Journal article

Integrating common and rare genetic variation in diverse human populations

David M Altshuler, Richard A Gibbs, Leena Peltonen, Emmanouil Dermitzakis, Stephen F Schaffner, Fuli Yu, Penelope E Bonnen, Paul IW de Bakker, Panos Deloukas, Stacey B Gabriel, Rhian Gwilliam, Sarah Hunt, Michael Inouye, Xiaoming Jia, Aarno Palotie, Melissa Parkin, Pamela Whittaker, Kyle Chang, Alicia Hawes, Lora R Lewis Show all

Nature | NATURE PUBLISHING GROUP | Published : 2010


Awarded by Wellcome Trust

Awarded by UK Medical Research Council

Funding Acknowledgements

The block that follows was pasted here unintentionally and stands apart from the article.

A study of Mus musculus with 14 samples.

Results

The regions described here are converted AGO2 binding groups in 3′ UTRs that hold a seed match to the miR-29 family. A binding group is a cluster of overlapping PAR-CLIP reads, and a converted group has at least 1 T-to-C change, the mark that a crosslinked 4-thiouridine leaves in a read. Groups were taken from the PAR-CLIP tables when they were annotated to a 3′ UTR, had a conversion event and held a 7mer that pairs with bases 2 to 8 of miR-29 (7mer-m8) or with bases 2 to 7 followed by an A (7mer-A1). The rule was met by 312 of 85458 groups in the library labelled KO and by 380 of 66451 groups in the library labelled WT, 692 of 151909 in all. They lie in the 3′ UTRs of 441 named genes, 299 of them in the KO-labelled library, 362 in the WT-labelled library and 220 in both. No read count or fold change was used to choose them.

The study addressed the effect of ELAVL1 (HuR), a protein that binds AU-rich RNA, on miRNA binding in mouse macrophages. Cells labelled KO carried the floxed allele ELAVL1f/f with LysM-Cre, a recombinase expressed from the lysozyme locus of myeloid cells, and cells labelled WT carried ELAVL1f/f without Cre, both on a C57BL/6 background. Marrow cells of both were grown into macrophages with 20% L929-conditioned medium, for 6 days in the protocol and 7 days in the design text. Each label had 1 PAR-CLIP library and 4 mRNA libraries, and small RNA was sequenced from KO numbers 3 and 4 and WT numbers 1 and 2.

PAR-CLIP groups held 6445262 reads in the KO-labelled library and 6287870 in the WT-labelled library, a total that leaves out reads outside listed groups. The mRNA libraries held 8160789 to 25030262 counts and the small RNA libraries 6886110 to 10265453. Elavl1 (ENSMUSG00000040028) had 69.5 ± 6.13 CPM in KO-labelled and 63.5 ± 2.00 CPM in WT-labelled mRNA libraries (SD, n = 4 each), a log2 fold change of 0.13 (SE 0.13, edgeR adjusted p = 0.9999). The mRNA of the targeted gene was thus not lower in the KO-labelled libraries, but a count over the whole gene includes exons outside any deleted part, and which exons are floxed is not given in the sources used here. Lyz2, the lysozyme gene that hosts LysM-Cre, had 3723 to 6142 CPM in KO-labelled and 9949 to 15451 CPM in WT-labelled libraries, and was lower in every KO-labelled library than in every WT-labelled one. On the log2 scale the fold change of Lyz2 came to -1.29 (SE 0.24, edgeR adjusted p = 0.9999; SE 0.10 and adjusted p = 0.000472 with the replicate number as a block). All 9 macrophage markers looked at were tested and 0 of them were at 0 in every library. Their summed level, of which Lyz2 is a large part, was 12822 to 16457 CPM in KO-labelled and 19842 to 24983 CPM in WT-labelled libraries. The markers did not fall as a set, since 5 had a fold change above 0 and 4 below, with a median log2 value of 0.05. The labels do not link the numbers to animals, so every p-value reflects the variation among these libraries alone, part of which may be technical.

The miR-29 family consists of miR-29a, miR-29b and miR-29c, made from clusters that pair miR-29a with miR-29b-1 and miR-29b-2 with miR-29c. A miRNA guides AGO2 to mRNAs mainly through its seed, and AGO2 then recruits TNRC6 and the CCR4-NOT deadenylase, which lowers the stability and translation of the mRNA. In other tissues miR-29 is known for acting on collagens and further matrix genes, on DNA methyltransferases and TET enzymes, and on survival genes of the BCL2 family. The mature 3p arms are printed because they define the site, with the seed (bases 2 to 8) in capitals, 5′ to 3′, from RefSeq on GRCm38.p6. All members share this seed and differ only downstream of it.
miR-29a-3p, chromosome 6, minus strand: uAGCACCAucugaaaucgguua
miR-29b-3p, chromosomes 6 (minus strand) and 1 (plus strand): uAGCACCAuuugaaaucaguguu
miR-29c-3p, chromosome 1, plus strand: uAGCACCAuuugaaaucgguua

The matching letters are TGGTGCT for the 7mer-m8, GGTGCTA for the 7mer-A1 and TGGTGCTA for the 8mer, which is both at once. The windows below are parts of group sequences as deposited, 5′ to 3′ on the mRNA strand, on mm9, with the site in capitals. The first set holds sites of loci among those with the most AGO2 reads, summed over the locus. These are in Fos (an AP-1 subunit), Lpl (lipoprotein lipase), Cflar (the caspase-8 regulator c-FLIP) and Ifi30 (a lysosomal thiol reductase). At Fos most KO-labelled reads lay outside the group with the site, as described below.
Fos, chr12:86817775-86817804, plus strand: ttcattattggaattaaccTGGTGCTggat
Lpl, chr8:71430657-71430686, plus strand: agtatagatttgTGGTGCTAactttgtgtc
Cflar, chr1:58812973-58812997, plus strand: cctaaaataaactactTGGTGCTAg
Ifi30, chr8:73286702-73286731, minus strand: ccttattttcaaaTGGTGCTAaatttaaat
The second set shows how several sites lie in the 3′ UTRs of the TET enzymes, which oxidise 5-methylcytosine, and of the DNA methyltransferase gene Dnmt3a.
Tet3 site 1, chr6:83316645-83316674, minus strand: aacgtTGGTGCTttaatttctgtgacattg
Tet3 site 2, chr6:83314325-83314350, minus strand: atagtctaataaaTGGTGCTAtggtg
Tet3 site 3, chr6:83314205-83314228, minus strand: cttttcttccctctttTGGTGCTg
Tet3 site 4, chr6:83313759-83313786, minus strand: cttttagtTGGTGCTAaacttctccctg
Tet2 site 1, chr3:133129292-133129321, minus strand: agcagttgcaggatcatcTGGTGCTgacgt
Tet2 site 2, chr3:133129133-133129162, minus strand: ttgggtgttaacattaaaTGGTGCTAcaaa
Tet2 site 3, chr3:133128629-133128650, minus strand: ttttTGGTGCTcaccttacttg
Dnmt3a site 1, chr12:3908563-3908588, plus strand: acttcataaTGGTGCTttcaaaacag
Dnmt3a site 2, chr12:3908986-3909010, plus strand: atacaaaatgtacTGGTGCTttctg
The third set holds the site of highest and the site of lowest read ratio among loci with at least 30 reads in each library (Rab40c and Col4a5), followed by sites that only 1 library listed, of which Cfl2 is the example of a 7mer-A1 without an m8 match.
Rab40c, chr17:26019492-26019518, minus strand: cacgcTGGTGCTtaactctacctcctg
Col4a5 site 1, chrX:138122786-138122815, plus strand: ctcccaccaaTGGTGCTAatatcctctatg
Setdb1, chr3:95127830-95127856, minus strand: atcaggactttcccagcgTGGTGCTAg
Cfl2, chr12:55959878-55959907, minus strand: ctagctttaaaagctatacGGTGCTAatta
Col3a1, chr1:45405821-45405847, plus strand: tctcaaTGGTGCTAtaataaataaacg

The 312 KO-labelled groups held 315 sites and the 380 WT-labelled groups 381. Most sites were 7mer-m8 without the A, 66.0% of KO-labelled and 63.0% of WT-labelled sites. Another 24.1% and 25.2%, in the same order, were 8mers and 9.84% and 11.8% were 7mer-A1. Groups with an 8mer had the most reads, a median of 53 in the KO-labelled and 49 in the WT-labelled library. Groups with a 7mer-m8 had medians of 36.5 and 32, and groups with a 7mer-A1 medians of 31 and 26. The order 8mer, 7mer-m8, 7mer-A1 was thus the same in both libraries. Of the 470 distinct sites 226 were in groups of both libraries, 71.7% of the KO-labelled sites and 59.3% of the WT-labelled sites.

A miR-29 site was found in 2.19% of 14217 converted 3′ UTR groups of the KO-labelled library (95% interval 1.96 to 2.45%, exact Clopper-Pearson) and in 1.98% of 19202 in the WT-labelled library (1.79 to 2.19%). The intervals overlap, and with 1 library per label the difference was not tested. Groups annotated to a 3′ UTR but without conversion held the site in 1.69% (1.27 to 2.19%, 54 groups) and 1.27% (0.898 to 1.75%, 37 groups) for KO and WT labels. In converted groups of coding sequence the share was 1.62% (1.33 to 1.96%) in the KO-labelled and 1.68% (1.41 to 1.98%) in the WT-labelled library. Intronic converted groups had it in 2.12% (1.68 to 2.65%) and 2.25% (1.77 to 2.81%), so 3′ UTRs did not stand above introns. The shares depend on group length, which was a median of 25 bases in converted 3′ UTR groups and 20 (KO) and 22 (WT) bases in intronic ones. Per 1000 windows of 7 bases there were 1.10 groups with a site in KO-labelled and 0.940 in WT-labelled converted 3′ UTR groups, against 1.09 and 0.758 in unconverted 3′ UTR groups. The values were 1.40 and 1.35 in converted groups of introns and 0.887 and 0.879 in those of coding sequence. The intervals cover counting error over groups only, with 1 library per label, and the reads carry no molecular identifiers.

We dedicate this work to Leena Peltonen for her vital leadership role in this study, and in memory of a valued friend and colleague. We thank E. Boerwinkle and R. Durbin for critical reading of the manuscript. We thank the USA National Institutes of Health, the National Human Genome Research Institute, the National Institute on Deafness and Other Communication Disorders and the Wellcome Trust for supporting the majority of this work. Funding was also provided by the Louis-Jeantet Foundation and the NCCR 'Frontiers in Genetics' (Swiss National Science Foundation). We thank the people from the following communities who were generous in donating their blood samples to be studied in this project: the Yoruba in Ibadan, Nigeria; the Maasai in Kinyawa, Kenya; the Luhya in Webuye, Kenya; the Han Chinese in Beijing, China; the Japanese in Tokyo, Japan; the Chinese in metropolitan Denver, Colorado; the Gujarati Indians in Houston, Texas; the Toscani in Italia; the community of African ancestry in the southwestern USA; and the community of Mexican ancestry in Los Angeles, California. We also thank the people in the Utah Centre d'Etude du Polymorphisme Humain community who allowed the samples they donated earlier to be used for the project. The authors acknowledge use of DNA from the 1958 British birth cohort collection, funded by the UK Medical Research Council grant G0000934 and the Wellcome Trust grant 068545/Z/02. The Illumina 550K genotype data for the 1958 British birth cohort samples were made available by the Sanger Institute. For the 1958 British birth cohort Affymetrix 500K genotype data, we thank the Wellcome Trust Case Control Consortium (, which was funded by Wellcome Trust award 076113.